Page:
Politics

Plaintiff in Don’t Say Gay lawsuit alleges they’re being silenced at Florida high school

High schoolers at Lyman High School in Seminole County were supposed to receive their yearbooks this past Monday, but as reported by local outlet WESH, the distribution was canceled because of photos of students protesting the Don’t Say Gay bill back in March. Those photos will be covered up before students receive the yearbooks.

According to the outlet, Principal Michael Hunter has said the protest was not sponsored or endorsed by the school and the resulting images did not meet “school board policy.” They’ll be covering the images in order to save time and money in reprinting the yearbook entirely at this point.

Mind you, the photos include students holding rainbow flags and signs with language like “Love is Love.” 

Now students are frustrated that their identities and experiences are being edited out of the yearbook, and some have started a social media initiative called Stop The Stickers. Some students in the yearbook are also planning to advocate at the school district’s school board meetings. 

Students are, honestly, incredible. And they shouldn’t have to be. We’ve covered the story of Will Larkins, a high schooler who gave a (teacher-approved) lesson on the history of Stonewall to their class and then was transferred to a different classroom and put under an “investigation.” That classroom, according to the student, includes a “Don’t Tread On Me” flag. Yikes!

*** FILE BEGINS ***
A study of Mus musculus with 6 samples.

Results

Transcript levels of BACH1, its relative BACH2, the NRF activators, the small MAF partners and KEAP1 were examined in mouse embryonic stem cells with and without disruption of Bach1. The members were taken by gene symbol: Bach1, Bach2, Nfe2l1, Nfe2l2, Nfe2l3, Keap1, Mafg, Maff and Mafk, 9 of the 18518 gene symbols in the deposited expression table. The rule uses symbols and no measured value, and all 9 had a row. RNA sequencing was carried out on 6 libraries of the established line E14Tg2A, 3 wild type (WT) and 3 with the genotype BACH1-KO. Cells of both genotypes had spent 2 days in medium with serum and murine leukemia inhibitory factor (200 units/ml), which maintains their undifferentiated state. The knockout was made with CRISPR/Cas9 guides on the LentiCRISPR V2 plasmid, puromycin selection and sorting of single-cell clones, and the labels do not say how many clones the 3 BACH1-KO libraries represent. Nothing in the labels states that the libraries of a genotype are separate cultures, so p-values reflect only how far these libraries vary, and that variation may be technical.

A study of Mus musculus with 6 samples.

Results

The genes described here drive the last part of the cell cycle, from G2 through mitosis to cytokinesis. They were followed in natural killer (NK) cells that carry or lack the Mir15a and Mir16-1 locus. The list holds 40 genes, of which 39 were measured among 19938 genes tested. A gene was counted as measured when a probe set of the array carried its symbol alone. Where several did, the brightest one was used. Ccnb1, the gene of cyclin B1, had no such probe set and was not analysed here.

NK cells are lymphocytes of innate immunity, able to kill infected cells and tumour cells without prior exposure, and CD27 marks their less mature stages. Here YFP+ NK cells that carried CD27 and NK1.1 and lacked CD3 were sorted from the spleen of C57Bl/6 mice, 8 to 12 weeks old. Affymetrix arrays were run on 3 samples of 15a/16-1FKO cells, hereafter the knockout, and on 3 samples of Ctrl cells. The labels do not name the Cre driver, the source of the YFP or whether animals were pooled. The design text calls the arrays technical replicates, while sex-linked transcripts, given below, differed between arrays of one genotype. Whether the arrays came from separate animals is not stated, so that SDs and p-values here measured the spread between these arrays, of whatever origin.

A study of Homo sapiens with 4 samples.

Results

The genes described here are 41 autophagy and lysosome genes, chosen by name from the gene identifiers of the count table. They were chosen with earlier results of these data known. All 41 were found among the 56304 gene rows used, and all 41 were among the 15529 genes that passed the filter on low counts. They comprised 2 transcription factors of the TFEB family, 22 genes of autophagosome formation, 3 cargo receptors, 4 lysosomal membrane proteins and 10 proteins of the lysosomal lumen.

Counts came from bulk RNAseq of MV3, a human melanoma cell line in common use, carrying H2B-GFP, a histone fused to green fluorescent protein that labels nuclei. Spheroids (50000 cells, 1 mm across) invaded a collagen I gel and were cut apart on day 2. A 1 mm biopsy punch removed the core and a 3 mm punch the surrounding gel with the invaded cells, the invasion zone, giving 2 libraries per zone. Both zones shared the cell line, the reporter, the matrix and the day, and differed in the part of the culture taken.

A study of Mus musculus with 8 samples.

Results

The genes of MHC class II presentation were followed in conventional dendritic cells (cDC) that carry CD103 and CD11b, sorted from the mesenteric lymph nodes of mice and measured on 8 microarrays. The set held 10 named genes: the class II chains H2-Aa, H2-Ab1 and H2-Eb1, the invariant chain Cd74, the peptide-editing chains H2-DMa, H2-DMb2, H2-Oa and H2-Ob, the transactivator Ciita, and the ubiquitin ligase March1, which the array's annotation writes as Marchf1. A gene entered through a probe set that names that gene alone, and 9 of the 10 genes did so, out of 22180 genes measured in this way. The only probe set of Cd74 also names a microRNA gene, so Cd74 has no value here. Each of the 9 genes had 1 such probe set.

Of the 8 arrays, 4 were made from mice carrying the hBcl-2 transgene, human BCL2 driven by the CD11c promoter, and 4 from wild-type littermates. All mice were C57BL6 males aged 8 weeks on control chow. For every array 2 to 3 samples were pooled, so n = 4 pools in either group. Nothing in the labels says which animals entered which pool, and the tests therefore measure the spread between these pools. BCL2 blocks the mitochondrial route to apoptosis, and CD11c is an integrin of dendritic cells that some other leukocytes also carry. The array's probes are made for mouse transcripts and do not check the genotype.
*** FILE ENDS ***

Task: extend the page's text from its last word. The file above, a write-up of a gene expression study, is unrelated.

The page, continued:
We’ve also covered the story of an openly queer teacher being fired after allowing students in her art class to paint flags related to LGBTQ+ identities. 

There is hope, though. As we’ve also covered, brave students and advocates are working to sue the state of Florida over the discriminatory legislation. The lawsuit, which was filed in a federal court in Tallahassee in early April, argues that the law violates free speech, equal protection, and due process as outlined in the constitution. Now, Zander Moricz, who on Twitter identifies themselves as the youngest public plaintiff in the suit, has taken to social media to share some deeply concerning allegations.

In a long Twitter thread on May 9, 2022, Morciz alleged that their high school principal called them into their office to discuss their graduation speech. Morciz says the principal told them if they referenced their role in the suit or their advocacy that they would cut the mic and stop the ceremony. Morciz says they are the first openly gay class president in the school’s history and they’re worried they’ll be the last. 

They went on to claim that the administration pushed back against their attempts to mobilize classmates for a protest about the Don’t Say Gay bill, including removing posters and threatening to call security. Moricz did end up holding the protest, and is now working to get 10,000 Say Gay stickers sent to high schoolers across the state. 

Again, youth—and especially LGBTQ+ youth—are amazing. But they shouldn’t have to be.